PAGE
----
Research into Cardiovascular and Parkinson’s Diseases the Focus of Menzies’ Funding Success

Research into Cardiovascular and Parkinson’s Diseases the Focus of Menzies’ Funding Success

The latest round of National Health and Medical Research Council (NHMRC) funding includes support for Parkinson’s and cardiovascular disease research at the University of Tasmania’s Menzies Institute for Medical Research.

Dr Phillip Melton and collaborators received just over $1,275,000 for their research which seeks to understand why women who have had the high blood pressure related condition preeclampsia during pregnancy have an increased risk of developing cardiovascular disease later in life.

“Cardiovascular disease is the leading cause of death for women in Australia. Women who experienced preeclampsia have been shown to have a two-to-eight-fold increased risk for cardiovascular disease ten to fifteen years after giving birth. On average this is ten years earlier than for women who had uncomplicated pregnancies.”

“There is currently limited research focused on developing effective screening, follow up and intervention strategies for women after they have had preeclampsia. More sophisticated studies are urgently required to understand the problem and create strategies to reduce short and long term risk and that is the aim of my project,” Dr Melton said.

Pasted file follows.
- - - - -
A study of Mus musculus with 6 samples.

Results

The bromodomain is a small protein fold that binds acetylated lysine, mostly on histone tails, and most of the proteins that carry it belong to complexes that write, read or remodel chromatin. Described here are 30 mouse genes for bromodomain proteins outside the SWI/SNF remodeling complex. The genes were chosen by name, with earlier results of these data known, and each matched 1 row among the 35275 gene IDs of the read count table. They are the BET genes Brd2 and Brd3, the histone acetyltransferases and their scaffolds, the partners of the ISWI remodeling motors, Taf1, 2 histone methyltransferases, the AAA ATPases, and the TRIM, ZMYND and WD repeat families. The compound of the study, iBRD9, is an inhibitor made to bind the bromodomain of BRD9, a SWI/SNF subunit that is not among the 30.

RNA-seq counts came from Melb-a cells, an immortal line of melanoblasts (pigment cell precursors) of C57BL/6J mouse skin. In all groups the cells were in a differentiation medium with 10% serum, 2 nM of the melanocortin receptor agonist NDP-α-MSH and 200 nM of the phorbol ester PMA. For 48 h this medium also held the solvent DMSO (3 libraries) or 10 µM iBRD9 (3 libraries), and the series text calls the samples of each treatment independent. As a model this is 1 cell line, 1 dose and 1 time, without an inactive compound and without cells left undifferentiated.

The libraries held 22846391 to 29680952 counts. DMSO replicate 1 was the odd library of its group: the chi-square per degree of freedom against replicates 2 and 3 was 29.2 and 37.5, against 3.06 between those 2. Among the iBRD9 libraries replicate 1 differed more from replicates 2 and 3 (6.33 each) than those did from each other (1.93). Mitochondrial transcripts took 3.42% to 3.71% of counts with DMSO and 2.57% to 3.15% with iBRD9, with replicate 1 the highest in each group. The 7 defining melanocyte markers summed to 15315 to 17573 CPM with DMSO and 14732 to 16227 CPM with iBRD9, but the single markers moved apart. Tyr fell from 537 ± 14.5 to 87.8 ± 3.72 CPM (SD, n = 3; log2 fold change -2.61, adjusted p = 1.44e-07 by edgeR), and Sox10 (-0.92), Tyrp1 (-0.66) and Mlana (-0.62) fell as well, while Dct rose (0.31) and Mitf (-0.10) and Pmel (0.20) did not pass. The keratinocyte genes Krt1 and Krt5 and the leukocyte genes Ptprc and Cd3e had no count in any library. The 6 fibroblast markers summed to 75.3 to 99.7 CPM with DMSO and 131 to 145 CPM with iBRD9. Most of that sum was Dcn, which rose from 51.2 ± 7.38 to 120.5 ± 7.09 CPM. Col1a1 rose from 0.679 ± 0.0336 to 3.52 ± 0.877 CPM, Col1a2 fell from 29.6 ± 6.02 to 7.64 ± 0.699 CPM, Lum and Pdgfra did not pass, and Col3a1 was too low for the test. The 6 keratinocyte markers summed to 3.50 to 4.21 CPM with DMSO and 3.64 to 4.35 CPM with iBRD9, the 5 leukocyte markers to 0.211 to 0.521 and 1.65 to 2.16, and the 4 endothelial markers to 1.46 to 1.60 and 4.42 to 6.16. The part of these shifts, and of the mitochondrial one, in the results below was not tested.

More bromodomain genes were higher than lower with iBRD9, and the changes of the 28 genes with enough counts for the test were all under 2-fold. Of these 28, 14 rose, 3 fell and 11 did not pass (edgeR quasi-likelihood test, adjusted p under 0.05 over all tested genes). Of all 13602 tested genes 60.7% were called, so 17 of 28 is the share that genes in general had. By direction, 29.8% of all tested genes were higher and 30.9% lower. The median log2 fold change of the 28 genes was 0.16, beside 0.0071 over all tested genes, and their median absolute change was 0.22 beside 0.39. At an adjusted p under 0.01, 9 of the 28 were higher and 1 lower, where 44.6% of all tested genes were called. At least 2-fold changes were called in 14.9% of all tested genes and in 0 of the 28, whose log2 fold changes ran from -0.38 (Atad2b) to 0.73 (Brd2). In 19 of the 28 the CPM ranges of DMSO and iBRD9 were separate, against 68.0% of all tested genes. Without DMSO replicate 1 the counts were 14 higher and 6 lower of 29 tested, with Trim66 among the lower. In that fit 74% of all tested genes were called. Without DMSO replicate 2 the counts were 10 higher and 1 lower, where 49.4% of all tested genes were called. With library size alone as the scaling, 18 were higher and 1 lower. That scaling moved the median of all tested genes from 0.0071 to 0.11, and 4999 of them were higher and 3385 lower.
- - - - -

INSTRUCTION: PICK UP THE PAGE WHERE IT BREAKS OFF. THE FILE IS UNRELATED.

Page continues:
Professor Tracey Dickson and Dr Ruth Musgrove have received almost $535,000 to look at the causes of Parkinson’s Disease.

“Parkinson’s Disease is a neurodegenerative disease that has no cure or effective treatment. We know where in the brain the disease begins, but how it spreads is unknown. We are excited to use new techniques, developed with our colleague in Chemistry, Professor Michael Breadmore from the University’s School of Natural Sciences,  to gain  insight into this process which will potentially reveal new treatments.”

Director of the Menzies Institute, Distinguished Professor Alison Venn, congratulated the researchers on their funding success.

“I know the Tasmanian and wider Australian community will appreciate the increased focus on these diseases and I thank the NHMRC for recognising the importance of this research.”